If you have tried to quit smoking or chewing tobacco, you know how hard it can be. Don’t get discouraged if you have to try to quit a few times before you succeed. The following information and resources will help you achieve your goal.
- Tips to help you quit
- Benefits of quitting
- More information
Tips to help you quit
With cigarettes more expensive than ever, now is a great time to quit. When you get the urge to smoke or chew tobacco:
- Discuss it with a friend.
- Delay it. The urge will pass.
- Breathe deep and stay calm.
- Drink plenty of water.
- Do something else.
You can also try:
- Getting rid of all ashtrays, lighters and smoking materials.
- Deciding how you’ll turn down a cigarette before it is offered to you.
- Exercising. Go for a walk or a bike ride.
- Putting your saved money in a big jar.
- Telling yourself each morning that you don’t smoke.
- Holding a pencil in your hand when talking on the telephone.
- Rewarding yourself each week for being tobacco-free.
- Talking to a smoking coach who can help you create an individual quit plan that is just right for you.
Benefits of quitting
- You will live longer and live better.
- Your risk of heart attack, stroke or cancer is lowered.
- Your children and other people you live with will be healthier if they are not exposed to secondhand smoke.
- You will have extra money to spend on things other than cigarettes and chewing tobacco.
Additional benefits of quitting smoking, if you are a:
- Pregnant woman or new mother you will protect your baby’s health and your own.
- Hospitalized patient you will reduce your health problems and help healing.
- Heart attack patient you will reduce your risk of a second heart attack.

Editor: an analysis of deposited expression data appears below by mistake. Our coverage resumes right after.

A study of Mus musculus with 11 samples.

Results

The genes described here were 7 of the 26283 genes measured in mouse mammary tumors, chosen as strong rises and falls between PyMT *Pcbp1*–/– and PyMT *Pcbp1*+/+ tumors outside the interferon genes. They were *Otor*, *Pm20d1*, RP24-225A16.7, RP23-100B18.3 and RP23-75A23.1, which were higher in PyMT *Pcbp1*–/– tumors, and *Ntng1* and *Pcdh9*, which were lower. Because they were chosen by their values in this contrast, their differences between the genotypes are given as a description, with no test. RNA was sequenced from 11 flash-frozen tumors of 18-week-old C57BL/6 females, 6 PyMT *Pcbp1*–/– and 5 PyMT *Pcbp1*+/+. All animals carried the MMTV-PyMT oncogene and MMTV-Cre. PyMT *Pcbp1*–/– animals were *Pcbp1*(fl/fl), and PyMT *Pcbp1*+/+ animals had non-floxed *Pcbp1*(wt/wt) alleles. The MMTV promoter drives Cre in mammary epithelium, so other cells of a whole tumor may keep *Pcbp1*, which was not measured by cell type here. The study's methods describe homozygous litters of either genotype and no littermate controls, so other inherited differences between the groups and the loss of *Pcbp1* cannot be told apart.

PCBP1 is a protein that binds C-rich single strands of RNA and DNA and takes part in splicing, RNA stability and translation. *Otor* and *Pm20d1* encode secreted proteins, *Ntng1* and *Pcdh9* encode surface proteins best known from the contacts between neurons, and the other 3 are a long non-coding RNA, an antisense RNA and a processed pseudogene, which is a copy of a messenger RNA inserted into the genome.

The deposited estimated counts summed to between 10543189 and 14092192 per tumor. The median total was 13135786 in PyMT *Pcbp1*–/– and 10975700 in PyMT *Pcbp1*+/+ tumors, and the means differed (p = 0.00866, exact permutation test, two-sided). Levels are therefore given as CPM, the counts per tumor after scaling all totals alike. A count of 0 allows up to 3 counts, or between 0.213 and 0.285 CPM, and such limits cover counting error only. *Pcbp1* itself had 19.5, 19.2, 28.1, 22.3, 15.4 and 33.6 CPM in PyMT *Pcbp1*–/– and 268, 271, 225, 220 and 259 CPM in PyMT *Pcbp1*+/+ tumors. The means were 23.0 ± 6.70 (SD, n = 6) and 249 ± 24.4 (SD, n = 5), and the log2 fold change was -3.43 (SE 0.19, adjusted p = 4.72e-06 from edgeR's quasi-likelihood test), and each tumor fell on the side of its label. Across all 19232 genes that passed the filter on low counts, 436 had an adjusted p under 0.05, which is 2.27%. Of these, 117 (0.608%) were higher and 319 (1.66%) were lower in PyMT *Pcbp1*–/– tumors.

- Lung, head, and neck cancer patient you will reduce your chance of a second cancer.
- Parent you will protect your children and adolescents from illnesses caused by second-hand smoke.
Compared to smokers,
- Stroke risk is reduced to that of a person who never smoked after 5 to 15 years of not smoking.
- Cancers of the mouth, throat, and esophagus risks are cut in half five years after quitting.
- Cancer of the larynx risk is reduced after quitting.
- Coronary heart disease risk is cut in half one year after quitting and is nearly the same as someone who never smoked 15 years after quitting.
- Chronic obstructive pulmonary disease risk of death is reduced after you quit. Lung cancer risk drops by as much as half, 10 years after quitting.
- Ulcer risk drops after quitting.
- Bladder cancer risk is cut in half a few years after quitting
- Peripheral artery disease goes down after quitting.
- Cervical cancer risk is reduced a few years after quitting.
- Low birth weight baby risk drops to normal if you quit before pregnancy or during your first trimester.
Within 20 minutes after you smoke that last cigarette, your body begins a series of healthy changes that continue for years.
After you stop smoking, in:
- 20 minutes - Your heart rate drops.
- 12 hours - Carbon monoxide level in your blood drops to normal.
- 2 weeks to 3 months - Your risk of heart attack begins to drop, and your lung function begins to improve.
- 1 to 9 months - Your coughing and shortness of breath decrease.
- 1 year - Your added risk of coronary heart disease is half that of a smoker.
- 5 years - Your stroke risk is reduced to that of a nonsmoker’s 5-15 years after quitting.
- 10 years - Your lung cancer death rate is about half that of a smoker, and your risk of cancers of the mouth, throat, esophagus, bladder, kidney and pancreas decreases.
- 15 years - Your risk of coronary heart disease is back to that of a non-smoker.
Be Tobacco Free.Gov
A comprehensive web site with answers to your questions about quitting, secondhand smoke, smokeless tobacco, electronic cigarettes, and more.
National Cancer Institute Quitline:
Washington State Tobacco Quitline Coverage.
Provide free nationwide self-help materials, counseling and two weeks of Nicotine patch starter kits.